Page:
Judge Rules Against FAA in ‘Landmark’ UAV Challenge

 - March 7, 2014, 10:08 AM
An NTSB judge dismissed the $10,000 fine the FAA levied against Raphael Pirker for flying the Ritewing Zephyr for hire. (Photo: Ritewing RC)

An administrative law judge with the National Transportation Safety Board (NTSB) dismissed the $10,000 fine the FAA levied against Raphael Pirker for flying a small unmanned aircraft, casting doubt on the agency’s ability to regulate their commercial use. In a decision dated March 6, NTSB Judge Patrick Geraghty found that the FAA has no regulations that apply to model aircraft or that classify a model aircraft as an unmanned aircraft system.

In response, the FAA said: “We are reviewing the decision.” The NTSB adjudicates appeals of FAA enforcement actions; the FAA can appeal the ruling to the NTSB.

[The FAA issued a statement in the late afternoon on March 7 saying that it will appeal Geraghty’s ruling. “The FAA is appealing the decision of an NTSB administrative law judge to the full National Transportation Safety Board, which has the effect of staying the decision until the board rules,” the statement reads. “The agency is concerned that this decision could impact the safe operation of the national airspace system and the safety of people and property on the ground.” BC]

The FAA fined Pirker, a Swiss citizen, for operating a Ritewing Zephyr at the University of Virginia in Charlottesville, Va., on Oct. 17, 2011. A marketing company had hired Pirker to supply aerial photographs and video of the UVA campus and medical center. Ritewing RC of Apache Junction, Ariz., produces the aircraft, which is described as an “electric flying wing” that weighs less than five pounds.

In an assessment order, the FAA said that Pirker flew the aircraft “in a careless or reckless manner” in violation of federal aviation regulations (FAR) Section 91.13(a). Further, the agency said he operated the flight for compensation. The FAA currently restricts the commercial use of UAVs.

Pirker sought to have the case dismissed “in the absence of a valid rule for application of FAR regulatory authority over model aircraft flight operations,” according to Geraghty’s finding. The law firm representing Pirker—Kramer Levin Naftalis & Frankel—has described the challenge as a landmark case, “the first federal case ever involving the operation of commercial drones in the United States.” In December, Kramer Levin said that it had formed a new unmanned aircraft systems practice group “in light of the increasing use of drones for commercial purposes…Kramer Levin’s new practice will provide sophisticated and creative problem-solving approaches in this uncharted legal territory.”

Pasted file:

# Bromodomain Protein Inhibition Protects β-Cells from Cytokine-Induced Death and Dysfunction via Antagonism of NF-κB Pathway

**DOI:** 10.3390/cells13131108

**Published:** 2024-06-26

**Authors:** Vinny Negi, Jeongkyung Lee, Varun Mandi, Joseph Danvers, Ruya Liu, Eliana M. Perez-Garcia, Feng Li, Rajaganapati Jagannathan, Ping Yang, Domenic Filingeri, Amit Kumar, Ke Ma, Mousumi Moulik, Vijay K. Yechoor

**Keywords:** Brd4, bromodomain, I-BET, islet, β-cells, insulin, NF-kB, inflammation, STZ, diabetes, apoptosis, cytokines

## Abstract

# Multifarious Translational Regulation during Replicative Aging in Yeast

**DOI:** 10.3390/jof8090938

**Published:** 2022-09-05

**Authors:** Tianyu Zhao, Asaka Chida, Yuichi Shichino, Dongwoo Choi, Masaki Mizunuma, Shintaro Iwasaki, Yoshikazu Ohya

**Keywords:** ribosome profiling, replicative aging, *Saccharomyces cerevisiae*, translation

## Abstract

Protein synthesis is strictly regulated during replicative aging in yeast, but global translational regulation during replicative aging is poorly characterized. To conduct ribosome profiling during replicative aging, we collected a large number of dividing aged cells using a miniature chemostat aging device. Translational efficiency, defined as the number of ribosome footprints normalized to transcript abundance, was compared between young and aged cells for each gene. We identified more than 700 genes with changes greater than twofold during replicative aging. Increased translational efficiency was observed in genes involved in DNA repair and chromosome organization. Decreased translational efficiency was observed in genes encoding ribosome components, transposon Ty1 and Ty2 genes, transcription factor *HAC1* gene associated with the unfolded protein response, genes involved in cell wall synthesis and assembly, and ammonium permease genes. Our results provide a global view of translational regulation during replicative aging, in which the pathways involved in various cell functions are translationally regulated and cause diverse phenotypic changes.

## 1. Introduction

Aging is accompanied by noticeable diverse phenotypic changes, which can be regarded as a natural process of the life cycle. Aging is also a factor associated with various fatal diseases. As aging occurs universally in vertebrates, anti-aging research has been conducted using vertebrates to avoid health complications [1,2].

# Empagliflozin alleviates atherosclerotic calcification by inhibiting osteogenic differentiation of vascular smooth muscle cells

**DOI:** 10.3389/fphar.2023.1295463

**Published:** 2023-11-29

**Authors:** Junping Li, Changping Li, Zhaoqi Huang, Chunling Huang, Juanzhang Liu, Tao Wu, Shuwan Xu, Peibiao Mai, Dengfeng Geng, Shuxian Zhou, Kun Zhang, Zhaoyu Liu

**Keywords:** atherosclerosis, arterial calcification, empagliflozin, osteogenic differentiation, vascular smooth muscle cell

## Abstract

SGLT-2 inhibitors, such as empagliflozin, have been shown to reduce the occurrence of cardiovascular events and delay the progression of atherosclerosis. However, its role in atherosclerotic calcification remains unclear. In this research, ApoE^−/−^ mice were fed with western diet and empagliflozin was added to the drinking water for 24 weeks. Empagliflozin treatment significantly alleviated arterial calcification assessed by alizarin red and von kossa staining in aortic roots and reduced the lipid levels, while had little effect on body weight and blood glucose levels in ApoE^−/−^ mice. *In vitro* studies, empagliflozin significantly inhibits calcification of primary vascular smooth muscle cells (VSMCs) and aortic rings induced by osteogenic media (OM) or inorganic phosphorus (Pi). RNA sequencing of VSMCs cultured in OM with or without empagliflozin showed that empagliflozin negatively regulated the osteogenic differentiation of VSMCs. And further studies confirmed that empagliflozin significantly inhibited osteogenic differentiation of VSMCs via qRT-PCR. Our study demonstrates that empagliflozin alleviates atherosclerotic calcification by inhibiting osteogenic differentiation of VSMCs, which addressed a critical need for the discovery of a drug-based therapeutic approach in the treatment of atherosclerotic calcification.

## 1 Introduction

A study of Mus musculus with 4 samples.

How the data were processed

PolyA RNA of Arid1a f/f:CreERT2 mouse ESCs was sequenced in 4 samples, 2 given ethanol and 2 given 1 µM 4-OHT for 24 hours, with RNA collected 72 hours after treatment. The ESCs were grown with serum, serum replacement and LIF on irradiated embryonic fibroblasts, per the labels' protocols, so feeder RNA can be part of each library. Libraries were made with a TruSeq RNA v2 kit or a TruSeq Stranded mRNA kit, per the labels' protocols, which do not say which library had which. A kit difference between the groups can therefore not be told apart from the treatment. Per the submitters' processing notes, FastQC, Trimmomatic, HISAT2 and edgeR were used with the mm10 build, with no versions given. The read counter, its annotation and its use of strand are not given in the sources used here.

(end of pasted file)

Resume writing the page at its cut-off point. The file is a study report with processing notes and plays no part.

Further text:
In his ruling dismissing the FAA’s fine, Geraghty said the FAA had no basis for asserting FAR Part 91 authority over Pirker’s operation, and that only advisory guidance applies to model aircraft. The FAA “has not issued an enforceable FAR regulatory rule governing model aircraft operation; (and) has historically exempted model aircraft from the statutory FAR definitions of ‘aircraft’ by relegating model aircraft operations to voluntary compliance with the guidance expressed in AC 91-57,” states a copy of the ruling provided to AIN.

In response to the judge’s ruling, Michael Toscano, president and CEO of the Association of Unmanned Vehicle Systems International issued the following written statement: “We are reviewing the decision very carefully and we have been in touch with the FAA to discuss its implications and the agency’s response. Our paramount concern is safety. We must ensure the commercial use of UAS takes place in a safe and responsible manner, whenever commercial use occurs. The decision also underscores the immediate need for a regulatory framework for small UAS.”

Once an NTSB administrative law judge issues a decision, either the party that appealed the FAA’s enforcement action, the FAA itself, or both parties may appeal the decision to the five-member NTSB board. The appeal must be filed with the NTSB Office of Administrative Law Judges within 10 days of the date of the written decision. The party filing an appeal then has 30 days from date of the decision to file an appeal brief with the NTSB Office of General Counsel. The opposing party has 30 days from the date of the appeal brief to file a reply brief. “Once both parties have filed briefs, the full NTSB board will consider the case and issue an opinion and order. After the full board issues its decision, either party may appeal that decision to a United States Court of Appeals within 60 days of the board’s decision,” the NTSB said, responding to an AIN query.